Architects consider durability the most important attribute for any building product, including “green” products, according to a new industry survey commissioned by PPG Industries. In weighing green building products, architects sought durability first, followed by Energy Star compliance, life-cycle assessment, no- or low-VOC content, and the ability to source products regionally. For building products in general, durability ranked ahead of price. Two in five architects also named product warranties, features and technical support among their priorities.
James J. Bogdan, PPG manager, green building initiatives, for the company’s construction market team, said he was not surprised that architects considered durability a key sustainability factor.
“We hear a lot of dialogue in the architect-engineer community about committing to a ‘century of ownership’ concept that encompasses a building’s design, as well as its construction and operational lifetime,” Bogdan said. “When you consider those factors, it’s no wonder that durability is at the top of the list when it comes to defining what makes a product good and what makes a product green.”
Among building-product manufacturers, Armstrong (37 percent) and USG (35 percent) were perceived most often as green building leaders. More than 20 percent of respondents also identified Kohler, Owens-Corning, DuPont, Johnson Controls and PPG as green leaders.
PPG was recognized as the green, or sustainability, leader in the glass and metal coatings categories by margins of 33 percent and 8 percent respectively over the nearest competitors.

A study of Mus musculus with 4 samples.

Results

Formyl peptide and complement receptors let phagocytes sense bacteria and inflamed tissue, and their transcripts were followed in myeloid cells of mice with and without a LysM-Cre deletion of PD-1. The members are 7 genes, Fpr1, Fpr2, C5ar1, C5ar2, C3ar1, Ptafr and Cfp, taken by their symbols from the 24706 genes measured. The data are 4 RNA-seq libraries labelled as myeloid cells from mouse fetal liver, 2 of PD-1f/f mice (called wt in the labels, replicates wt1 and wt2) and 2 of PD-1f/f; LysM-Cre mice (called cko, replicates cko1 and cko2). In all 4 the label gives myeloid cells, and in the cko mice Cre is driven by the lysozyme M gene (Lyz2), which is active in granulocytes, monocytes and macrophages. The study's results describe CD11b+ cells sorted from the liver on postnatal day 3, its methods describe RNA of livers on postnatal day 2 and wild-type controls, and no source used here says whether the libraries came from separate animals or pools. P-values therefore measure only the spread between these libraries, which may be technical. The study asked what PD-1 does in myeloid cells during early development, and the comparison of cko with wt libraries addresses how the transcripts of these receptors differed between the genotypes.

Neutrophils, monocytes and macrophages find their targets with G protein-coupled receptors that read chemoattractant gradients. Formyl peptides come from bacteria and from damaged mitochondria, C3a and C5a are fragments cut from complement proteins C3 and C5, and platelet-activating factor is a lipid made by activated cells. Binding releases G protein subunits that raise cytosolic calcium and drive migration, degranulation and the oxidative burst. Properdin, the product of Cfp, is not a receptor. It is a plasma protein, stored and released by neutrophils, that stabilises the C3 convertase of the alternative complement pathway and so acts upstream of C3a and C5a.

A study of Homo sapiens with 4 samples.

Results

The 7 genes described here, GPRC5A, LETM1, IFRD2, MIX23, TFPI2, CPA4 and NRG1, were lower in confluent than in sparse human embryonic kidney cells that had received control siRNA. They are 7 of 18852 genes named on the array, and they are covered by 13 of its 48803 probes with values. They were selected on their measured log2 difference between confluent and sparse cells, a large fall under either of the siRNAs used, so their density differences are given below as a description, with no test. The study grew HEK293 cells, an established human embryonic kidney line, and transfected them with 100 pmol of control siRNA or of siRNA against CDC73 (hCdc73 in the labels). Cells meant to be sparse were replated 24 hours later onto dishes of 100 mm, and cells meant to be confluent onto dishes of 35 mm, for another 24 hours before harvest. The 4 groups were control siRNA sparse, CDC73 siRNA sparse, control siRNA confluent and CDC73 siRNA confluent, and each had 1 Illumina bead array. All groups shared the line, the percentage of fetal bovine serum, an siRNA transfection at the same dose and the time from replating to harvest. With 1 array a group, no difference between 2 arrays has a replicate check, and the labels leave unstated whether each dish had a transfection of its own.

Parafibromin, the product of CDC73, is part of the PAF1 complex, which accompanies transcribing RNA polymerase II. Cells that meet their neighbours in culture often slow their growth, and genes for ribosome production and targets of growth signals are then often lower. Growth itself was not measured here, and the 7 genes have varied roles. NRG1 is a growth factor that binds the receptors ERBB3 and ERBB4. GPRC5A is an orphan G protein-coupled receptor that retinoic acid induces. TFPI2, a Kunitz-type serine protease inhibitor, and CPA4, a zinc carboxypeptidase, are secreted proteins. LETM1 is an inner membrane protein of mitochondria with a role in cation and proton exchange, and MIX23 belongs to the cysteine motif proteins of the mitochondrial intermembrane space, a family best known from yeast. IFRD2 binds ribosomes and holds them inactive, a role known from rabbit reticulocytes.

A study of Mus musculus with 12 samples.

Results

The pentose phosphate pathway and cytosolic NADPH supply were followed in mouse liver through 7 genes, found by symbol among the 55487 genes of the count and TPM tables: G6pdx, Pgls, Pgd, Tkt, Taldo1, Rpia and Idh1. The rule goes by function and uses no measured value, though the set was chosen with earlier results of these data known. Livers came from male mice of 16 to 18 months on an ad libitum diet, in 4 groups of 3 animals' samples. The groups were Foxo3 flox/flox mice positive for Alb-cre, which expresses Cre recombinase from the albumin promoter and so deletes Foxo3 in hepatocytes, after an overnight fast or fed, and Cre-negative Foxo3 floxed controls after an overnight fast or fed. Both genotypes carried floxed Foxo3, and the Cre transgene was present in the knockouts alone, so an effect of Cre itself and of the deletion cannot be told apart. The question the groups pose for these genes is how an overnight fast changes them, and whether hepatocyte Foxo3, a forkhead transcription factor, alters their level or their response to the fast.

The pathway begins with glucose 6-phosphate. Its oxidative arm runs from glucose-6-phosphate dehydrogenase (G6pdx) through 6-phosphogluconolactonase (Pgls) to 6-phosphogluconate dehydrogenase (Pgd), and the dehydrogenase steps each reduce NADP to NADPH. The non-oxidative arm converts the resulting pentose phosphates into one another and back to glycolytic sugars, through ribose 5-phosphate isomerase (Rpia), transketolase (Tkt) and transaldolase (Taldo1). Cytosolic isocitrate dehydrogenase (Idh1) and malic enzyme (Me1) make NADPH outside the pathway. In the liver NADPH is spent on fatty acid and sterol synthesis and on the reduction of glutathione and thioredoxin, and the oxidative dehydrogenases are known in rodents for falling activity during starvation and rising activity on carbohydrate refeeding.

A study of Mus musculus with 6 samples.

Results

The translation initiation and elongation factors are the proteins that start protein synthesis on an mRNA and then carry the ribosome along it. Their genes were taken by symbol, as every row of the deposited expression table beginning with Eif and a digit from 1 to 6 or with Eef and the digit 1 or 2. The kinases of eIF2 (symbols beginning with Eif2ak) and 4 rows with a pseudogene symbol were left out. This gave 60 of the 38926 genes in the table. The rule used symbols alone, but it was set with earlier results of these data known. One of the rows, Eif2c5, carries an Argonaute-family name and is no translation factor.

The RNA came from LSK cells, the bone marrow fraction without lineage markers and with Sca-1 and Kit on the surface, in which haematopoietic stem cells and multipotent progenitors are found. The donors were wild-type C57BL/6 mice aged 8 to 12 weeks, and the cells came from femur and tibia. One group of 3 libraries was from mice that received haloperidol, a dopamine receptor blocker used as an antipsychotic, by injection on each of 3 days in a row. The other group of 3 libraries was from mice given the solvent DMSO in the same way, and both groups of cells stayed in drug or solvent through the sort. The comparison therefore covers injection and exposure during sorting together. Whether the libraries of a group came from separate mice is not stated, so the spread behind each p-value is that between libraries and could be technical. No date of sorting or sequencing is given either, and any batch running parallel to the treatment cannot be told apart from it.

About 30 percent of respondents’ firms work on projects outside the United States. The fastest-growing overseas markets are India and Dubai, which grew by 60 percent and 44 percent respectively since PPG conducted the same survey in 2006. China is down by 29 percent from 2006 but remains the second-largest source of foreign commissions, landing between Canada and Mexico. Firms with more than 100 people were the most likely to conduct business outside the United States.
Architects said their most important sources of product information are manufacturers’ Web sites (76 percent) and Internet searches (59 percent). Nevertheless, responses showed that traditional resources such as manufacturers’ sales representatives (54 percent) and technical binders (46 percent) remain popular.
The online survey was completed by 612 qualified architects, producing ±3.9 percent accuracy at the 95-percent confidence level. It reached a representative cross-section of U.S. architects by firm size, geography, job title and years of experience.